Friday, September 19, 2008

Wish I Might

Our yard hasn't been tended to in a few weeks. This means that when we pull our car into the driveway, we are greeted with a small forest of weeds. They are almost as tall as Sabra, if that gives you any indication how much I am not blowing this our of proportion. The yard looks a bit like it might be giving refuge to a family of rabbits or snakes. Who knows? Jimmy Hoffa might be under all that foliage.

When I went to the mailbox last night, I carefully avoided the shameful stares of the neighbors who stay home all day and have time to cut their yard AND decorate their home in a hideous fashion according to the season. I like when homes are adorned with festive candles, wreathes, and other homey accents. Our across-the-street neighbors take it to a level that should incite my shameful stares. But I don't think they would notice. Maybe they just can't see through the haze of their light-up pumpkins that scream HAPPYHALLOWEENTRICKORTREATGOBLINSLIVEHEREANDWILLEATYOU!!!!!

Moira likes to accompany me to the mailbox, on the very very off chance that she will have a letter or package or magazine she can turn into a project. She skipped through the snake den and cluster of rabbits and was oblivious to the fact that she is highly allergic to all things that grow. She picked up a dried out dandelion, and persuaded the fluff to give up its poorly rooted home. As she squealed with delight, the small white pieces drifted towards the lazy, early autumn sky.

I told her that it was time to go inside now; we needed to eat dinner and make cupcakes for school.

And this was her reply: "Ok, Mom. I made a wish on the wishing flower! But I can't tell you what it was, because then it won't come true!"

And though I've heard that phrase a hundred times and again, it struck me, for the first time, as sad. It might have been my childish inclination to want to know what she was wishing, or the hurt that for the first time, my daughter didn't want to share her dreams with me. Either way, I started thinking about that phrase...

Birthday candles have that magical power to make dreams come true. At least, we think they juuuust might. It is always good to be on the safe side, anyways. But any good American child knows that the Sacred Birthday Wish cannot be shared, or else the delicate bubble of birthday wish protection will pop and leave the wisher with soapy bits of broken hope on their face.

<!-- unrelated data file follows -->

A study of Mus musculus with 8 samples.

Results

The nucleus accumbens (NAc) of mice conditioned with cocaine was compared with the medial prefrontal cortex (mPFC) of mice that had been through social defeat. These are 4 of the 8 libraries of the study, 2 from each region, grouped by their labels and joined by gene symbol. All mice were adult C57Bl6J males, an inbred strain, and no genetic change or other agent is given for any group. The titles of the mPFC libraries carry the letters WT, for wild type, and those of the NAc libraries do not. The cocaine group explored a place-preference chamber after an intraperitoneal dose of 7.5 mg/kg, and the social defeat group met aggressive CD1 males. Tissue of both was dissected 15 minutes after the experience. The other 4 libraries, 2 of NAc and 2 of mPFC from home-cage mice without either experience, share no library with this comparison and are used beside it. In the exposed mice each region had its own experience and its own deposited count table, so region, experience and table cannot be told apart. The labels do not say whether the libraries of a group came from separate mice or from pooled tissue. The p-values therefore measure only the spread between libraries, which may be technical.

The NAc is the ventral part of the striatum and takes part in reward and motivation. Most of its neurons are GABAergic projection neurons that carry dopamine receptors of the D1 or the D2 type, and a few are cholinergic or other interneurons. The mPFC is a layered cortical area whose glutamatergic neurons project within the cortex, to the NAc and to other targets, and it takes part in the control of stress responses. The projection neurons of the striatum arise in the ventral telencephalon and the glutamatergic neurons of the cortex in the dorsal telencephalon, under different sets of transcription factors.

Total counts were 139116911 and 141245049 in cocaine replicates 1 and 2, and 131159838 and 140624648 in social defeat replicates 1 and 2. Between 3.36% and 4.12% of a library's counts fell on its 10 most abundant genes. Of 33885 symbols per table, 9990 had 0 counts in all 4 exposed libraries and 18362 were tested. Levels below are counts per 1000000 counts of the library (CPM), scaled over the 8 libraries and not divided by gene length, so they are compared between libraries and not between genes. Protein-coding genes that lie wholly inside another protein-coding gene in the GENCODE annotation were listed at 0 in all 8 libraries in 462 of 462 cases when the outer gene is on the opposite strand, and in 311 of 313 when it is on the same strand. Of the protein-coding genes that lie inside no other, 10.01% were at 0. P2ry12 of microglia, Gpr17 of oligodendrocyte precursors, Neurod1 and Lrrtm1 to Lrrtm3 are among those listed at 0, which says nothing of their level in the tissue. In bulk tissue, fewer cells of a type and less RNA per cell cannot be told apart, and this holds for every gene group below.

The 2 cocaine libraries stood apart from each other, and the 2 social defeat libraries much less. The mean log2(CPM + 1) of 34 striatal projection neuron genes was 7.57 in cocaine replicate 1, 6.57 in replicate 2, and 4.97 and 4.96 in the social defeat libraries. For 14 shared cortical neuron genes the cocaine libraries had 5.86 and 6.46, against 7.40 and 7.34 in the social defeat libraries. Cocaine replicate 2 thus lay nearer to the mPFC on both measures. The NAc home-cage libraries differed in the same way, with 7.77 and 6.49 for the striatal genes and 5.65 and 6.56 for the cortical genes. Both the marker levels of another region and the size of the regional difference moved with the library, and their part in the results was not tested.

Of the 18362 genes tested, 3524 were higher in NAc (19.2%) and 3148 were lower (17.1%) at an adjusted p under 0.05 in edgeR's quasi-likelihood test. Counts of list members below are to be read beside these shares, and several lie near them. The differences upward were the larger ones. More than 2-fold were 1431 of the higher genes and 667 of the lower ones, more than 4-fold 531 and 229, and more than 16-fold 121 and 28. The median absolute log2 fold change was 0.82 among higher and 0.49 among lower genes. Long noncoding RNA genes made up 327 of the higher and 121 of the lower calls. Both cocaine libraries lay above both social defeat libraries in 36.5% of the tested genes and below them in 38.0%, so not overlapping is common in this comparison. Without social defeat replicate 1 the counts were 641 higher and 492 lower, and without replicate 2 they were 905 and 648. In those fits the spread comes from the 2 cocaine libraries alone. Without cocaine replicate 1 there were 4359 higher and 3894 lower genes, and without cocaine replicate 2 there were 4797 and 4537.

Why? Why can we not talk about what our hearts are yearning for?

It came to me that the wisher will always know if the wish doesn't come true. I know that my wish-on-a-star moments have faded just as the night fades into daylight. They didn't come true, or at least they haven't yet. So why does it matter if I tell someone else what my birthday cake wish was about? Why should Moira care if I am privy to her dandelion dreams?

I think that the answer might be quite simple. I think that the answer is pride.

I will know when my wish to be a famous actress doesn't come true. It will be no more or less true than if I had told someone about the dreams. What will change, however, is others' knowledge of me. And how could I live with myself if my family, my friends, and the whole world knew that I had wanted something but didn't get it? The level of embarrassment would be almost worse than the loss of the dream.

Or would it?

I've always been a private sort of person. Depending on how you know me, this may or may not surprise you. I actually don't have a problem talking about 'private' sorts of things. I'll lay out all the skeletons in my closet without so much as a blush. But the things that are private for me are the things that are close to my dreams, my wishes. I can't stand the thought of being pitied or made fun of. I blanch at the idea that other people will know I have failed.

And as I stirred cupcake batter and did not lick the beaters because that would give me salmonella, I had a bit of a paradigm shift.

I've been living parts of my life in a very sad, lonely kind of way.

I haven't been dreaming.

Or, more accurately, I haven't been engaging others in my dreams. I think that if people care about me, they might want to know what I'm aspiring to. They would at least be interested, even if there isn't anything they could do to help me realize those dreams. And maybe, just maybe...they would help.

They would scheme with me, introduce me to those that could help, or just encourage me. And though I don't rightly know how to have the official 'This Is What I'm Dreaming And Wishing And Hoping For' conversation, I could perhaps muster the courage to slip little pieces of my thoughts into my daily routine.

Today's blog isn't quippy or cute or even sad, I don't think. It just is....and that is about all.